Monday, July 27, 2009

Book recommendation: The Road

If you can stomach violent imagery then you will find Cormac McCarthy's The Road to be a phenomenal read. It is as dark as it can get in its depiction of a post-apocalyptic America, and yet it is gripping in its details and in tracing the survival instincts of humans. But it is not a depressing book (disturbing, yes, but depressing, no). In fact, the occasional positive side of human nature stands out in the chaos and complete breakdown of the society depicted by McCarthy. In addition, the book is great story of the bonding between a father and a son. Here is a sample:
No list of things to be done. The day providential to itself. There is no later. This is later. All things of grace and beauty such that one holds them to one's heart have a common provenance in pain. Their birth in grief and ashes. So, he whispered to the sleeping boy. I have you.
But don't worry, there is plenty of utter poetic darkness too.
He walked out in the gray light and stood and he saw for a brief moment the absolute truth of the world. The cold relentless circling of the intestate earth. Darkness implacable. The blind dogs of the sun in their running. The crushing black vacuum of the universe. And somewhere two hunted animals trembling like ground foxes in their cover. Borrowed time and borrowed world and borrowed eyes with which to sorrow it.

As I have mentioned before, a movie based on the book is coming out this coming October. It has a fantastic cast: Vigo Mortensen, Robert Duvall, Guy Pearce, and Charlize Theron. Plus, it is directed by John Hillcoat, who directed the fantastic Australian western, The Proposition (no need to remind you again that its screenplay was by Nick Cave). Needless to say, I'm looking forward to The Road - the movie. However, if you get a chance, read the book first. This way you will create your own imagery of a post-apocalyptic world. Also read this excellent NYT review of the book. Here is a quote from the review:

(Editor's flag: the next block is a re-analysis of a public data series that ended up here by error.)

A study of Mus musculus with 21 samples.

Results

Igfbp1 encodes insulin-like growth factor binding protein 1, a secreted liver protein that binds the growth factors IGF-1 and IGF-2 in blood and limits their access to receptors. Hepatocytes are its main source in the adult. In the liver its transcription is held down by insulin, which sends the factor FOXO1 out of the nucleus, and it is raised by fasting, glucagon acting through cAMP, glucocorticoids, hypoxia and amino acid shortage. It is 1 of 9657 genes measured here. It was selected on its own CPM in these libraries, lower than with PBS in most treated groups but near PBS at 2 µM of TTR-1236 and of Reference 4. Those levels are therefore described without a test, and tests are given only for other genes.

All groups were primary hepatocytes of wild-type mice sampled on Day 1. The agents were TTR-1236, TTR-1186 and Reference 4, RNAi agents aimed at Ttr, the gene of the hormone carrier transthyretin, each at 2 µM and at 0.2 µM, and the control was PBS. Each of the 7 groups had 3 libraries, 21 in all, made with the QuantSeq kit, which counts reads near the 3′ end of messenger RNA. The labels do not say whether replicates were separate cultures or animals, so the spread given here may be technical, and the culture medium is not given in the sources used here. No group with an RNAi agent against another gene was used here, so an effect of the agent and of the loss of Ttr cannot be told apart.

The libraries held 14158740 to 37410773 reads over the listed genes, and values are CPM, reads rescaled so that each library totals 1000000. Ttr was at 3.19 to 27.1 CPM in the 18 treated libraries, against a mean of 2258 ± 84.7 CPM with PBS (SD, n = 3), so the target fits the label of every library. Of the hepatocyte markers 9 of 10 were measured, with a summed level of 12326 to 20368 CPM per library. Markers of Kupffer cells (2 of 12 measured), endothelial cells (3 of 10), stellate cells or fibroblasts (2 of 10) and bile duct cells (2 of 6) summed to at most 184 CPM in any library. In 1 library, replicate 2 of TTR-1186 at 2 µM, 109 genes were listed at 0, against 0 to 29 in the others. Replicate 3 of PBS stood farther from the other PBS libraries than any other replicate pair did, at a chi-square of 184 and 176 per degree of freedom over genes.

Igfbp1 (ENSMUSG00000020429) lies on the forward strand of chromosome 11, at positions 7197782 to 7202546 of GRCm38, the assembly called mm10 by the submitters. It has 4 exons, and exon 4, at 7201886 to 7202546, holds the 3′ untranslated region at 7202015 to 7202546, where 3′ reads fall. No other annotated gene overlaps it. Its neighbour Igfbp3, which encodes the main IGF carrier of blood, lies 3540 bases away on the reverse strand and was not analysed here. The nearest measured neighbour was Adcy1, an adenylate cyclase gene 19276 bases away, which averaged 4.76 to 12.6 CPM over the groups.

This is an exquisitely bleak incantation — pure poetic brimstone. Mr. McCarthy has summoned his fiercest visions to invoke the devastation. He gives voice to the unspeakable in a terse cautionary tale that is too potent to be numbing, despite the stupefying ravages it describes. Mr. McCarthy brings an almost biblical fury as he bears witness to sights man was never meant to see.
While we wait for the film, here is the trailer:


Don said...

The Road is on the list, but I have to go through a book more full of stomach-churning violence before I can get to it: McCarthy's Blood Meridian. Have you read that one?

Salman Hameed said...

Yes, and absolutely loved it. In fact the two books go together well - one is full of color - and the other completely devoid of it. But BM is I think darker than the Road. There is some hope in the Road - but none in BM.

Oh...and Ridley Scott is turning BM into a movie (slated for release next year). I'm not too sure about that. I think he will focus more on violence rather than the nature of evil which is more the point of the book. We'll see. Kubrick, perhaps, would have been a perfect director for it.

Don said...

Don't discount Scott-- sure, he goes in for gorefests like Gladiator, but he also directs great suspense, like the original Alien. Also, he directed one of my absolute favorites, Blade Runner. If he establishes a mood like he did in those two, an adaptation of Blood Meridian might work out.

Don said...

And speaking of Blade Runner, I just saw Moon this evening. I'm really glad you put up your review of it earlier this summer, because it was great.